On Monday 8 March the Queensland Premier, The Hon Anna Bligh MP, negotiated a compromise to end the dispute over the Valuation of Land and Other Legislation Bill 2010 (Shop Talk 12/2, 19/2, 26/2 & 5/3/10). Political compromises are never elegant or wholly satisfactory but this resolves most concerns over the Bill. First, the contentious new valuation methodology is confined to only one round of valuations – for the 2010 valuations – and, in reality, will have little impact since the vast bulk of valuations were done by the traditional methodology and finalised well in advance of the Bill being introduced. Second, the Premier has given an undertaking that the move to a system of site valuations next year (similar to NSW and Victoria) will "exclude the valuation of the business, rather than the land, in its approach to goodwill, leases and other items which are derived from business effort." Third, the amendments to the Valuation of Land Act have a ‘sunset clause’ and will automatically lapse in June 2011 after the move to site valuations in 2011. The amended Bill was passed the following day.

While the Premier’s intervention was welcome it is important to stress that this Bill (and this dispute) was unnecessary. The notion that there was $900 million in rates and land tax at risk if the Bill was not passed - which ‘spooked’ the Government into approving the Bill - was a fiction. It was prompted by people whose real motivation was to radically change the land valuation methodology in Queensland by misrepresenting the effects of the decision of the Court of Appeal in the Pacific Fair case (Shop Talk 29/1/10 & 12/2/10). While we don’t believe any revenue was ever at risk as result of the Pacific Fair decision, we provided the Government with an alternative means of ensuring this was the case, thereby removing any need for retrospectivity. In the light of the so-called justification for this Bill, the Government’s associated decision to reinstate the position of Valuer-General, and to reform the State Valuation Service, is welcome.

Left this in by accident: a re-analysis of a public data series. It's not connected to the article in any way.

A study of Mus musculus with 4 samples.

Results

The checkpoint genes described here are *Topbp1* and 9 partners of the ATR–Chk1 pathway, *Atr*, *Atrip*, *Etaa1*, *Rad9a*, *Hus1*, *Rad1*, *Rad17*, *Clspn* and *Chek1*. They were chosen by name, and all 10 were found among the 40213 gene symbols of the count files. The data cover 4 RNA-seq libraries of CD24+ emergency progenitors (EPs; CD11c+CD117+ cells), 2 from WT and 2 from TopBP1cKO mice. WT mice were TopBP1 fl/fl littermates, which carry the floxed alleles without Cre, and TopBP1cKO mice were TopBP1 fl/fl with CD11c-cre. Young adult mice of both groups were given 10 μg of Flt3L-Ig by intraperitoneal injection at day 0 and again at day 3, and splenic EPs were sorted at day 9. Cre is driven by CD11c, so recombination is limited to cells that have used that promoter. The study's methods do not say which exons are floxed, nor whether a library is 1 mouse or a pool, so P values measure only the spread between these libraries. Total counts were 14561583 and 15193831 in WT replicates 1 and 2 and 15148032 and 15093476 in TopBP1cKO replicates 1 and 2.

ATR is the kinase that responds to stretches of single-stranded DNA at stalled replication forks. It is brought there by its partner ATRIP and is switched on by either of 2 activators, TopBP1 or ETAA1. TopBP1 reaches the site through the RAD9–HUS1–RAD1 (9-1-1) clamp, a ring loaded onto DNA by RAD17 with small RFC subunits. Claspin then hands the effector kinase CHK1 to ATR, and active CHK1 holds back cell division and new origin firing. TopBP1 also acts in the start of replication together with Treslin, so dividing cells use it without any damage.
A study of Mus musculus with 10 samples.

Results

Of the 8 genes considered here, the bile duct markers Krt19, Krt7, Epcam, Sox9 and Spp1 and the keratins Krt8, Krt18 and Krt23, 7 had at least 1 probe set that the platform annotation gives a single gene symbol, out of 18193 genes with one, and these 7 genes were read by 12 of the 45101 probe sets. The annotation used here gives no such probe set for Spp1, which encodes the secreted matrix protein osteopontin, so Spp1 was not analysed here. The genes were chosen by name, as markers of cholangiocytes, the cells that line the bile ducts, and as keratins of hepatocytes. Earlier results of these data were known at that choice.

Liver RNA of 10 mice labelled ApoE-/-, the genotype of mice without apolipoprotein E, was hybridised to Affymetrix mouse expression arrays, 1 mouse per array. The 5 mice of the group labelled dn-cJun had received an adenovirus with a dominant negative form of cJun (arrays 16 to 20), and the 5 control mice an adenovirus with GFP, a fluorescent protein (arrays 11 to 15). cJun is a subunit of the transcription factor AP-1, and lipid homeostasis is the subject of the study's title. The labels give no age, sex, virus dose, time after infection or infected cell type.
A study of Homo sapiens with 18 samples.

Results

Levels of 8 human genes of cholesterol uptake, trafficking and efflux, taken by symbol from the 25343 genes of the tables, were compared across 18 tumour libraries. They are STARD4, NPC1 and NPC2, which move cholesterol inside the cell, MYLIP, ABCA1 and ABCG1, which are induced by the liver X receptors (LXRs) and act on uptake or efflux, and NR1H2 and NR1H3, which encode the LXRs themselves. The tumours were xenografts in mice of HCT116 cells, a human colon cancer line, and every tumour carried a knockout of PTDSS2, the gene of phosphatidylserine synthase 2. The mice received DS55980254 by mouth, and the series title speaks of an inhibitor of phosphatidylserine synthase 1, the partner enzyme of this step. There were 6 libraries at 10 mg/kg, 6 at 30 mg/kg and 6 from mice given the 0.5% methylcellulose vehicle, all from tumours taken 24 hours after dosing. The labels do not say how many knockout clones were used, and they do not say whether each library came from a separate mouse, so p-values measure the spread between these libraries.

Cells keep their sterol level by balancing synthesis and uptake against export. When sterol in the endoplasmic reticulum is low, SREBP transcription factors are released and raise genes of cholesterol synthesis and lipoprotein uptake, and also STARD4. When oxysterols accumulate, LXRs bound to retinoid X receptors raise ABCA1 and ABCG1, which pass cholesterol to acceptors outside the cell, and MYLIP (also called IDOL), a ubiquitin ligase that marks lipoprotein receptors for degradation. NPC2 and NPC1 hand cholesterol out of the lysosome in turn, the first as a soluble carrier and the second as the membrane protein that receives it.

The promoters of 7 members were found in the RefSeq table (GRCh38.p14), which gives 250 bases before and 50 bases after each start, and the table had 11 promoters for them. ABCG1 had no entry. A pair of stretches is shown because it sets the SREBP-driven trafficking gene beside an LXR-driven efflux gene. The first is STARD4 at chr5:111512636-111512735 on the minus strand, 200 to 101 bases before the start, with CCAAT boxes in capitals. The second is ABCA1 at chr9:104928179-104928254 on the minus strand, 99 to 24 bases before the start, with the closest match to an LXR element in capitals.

The Federal Government has announced it will introduce changes to the unconscionable conduct provisions of the Trade Practices Act following the release of the report of the expert panel established in November 2009 (Shop Talk 4/12/09 & 5/2/10). The expert panel rejected the inclusion in the Act of a list of examples of unconscionable conduct but did recommend that four principles be added to the Act to aid understanding and assist enforcement. The Minister for Competition Policy, Dr Craig Emerson MP, has announced the Government will adopt this recommendation. The four principles, in summary, are: that courts can examine both the terms of a contract and behaviour during the life of a contract; that courts can look at systemic conduct or patterns of behaviour; there is no need to establish a special disadvantage between the parties; and that it be made clear that unconscionable conduct under the Trade Practices Act can be interpreted more broadly than under existing case law. Dr Emerson has said these will be reviewed after three to five years of operation.


Sunday trading begins in Toowoomba on 16 May 2010 after the Queensland Industrial Relations Commission approved an application by the National Retail Association (NRA), on behalf of the Shopping Centre Council of Australia, Coles and Woolworths. This will benefit shopping centres owned by SCCA members: Grand Central and Garden Town (QIC), Clifford Gardens (CFS Retail Property Trust) and Toowoomba Kmart Plaza (ISPT.) The QIRC has also approved trading on most public holidays. The decision follows the QIRC’s approval of Sunday trading for Rockhampton (Shop Talk 5/2/10).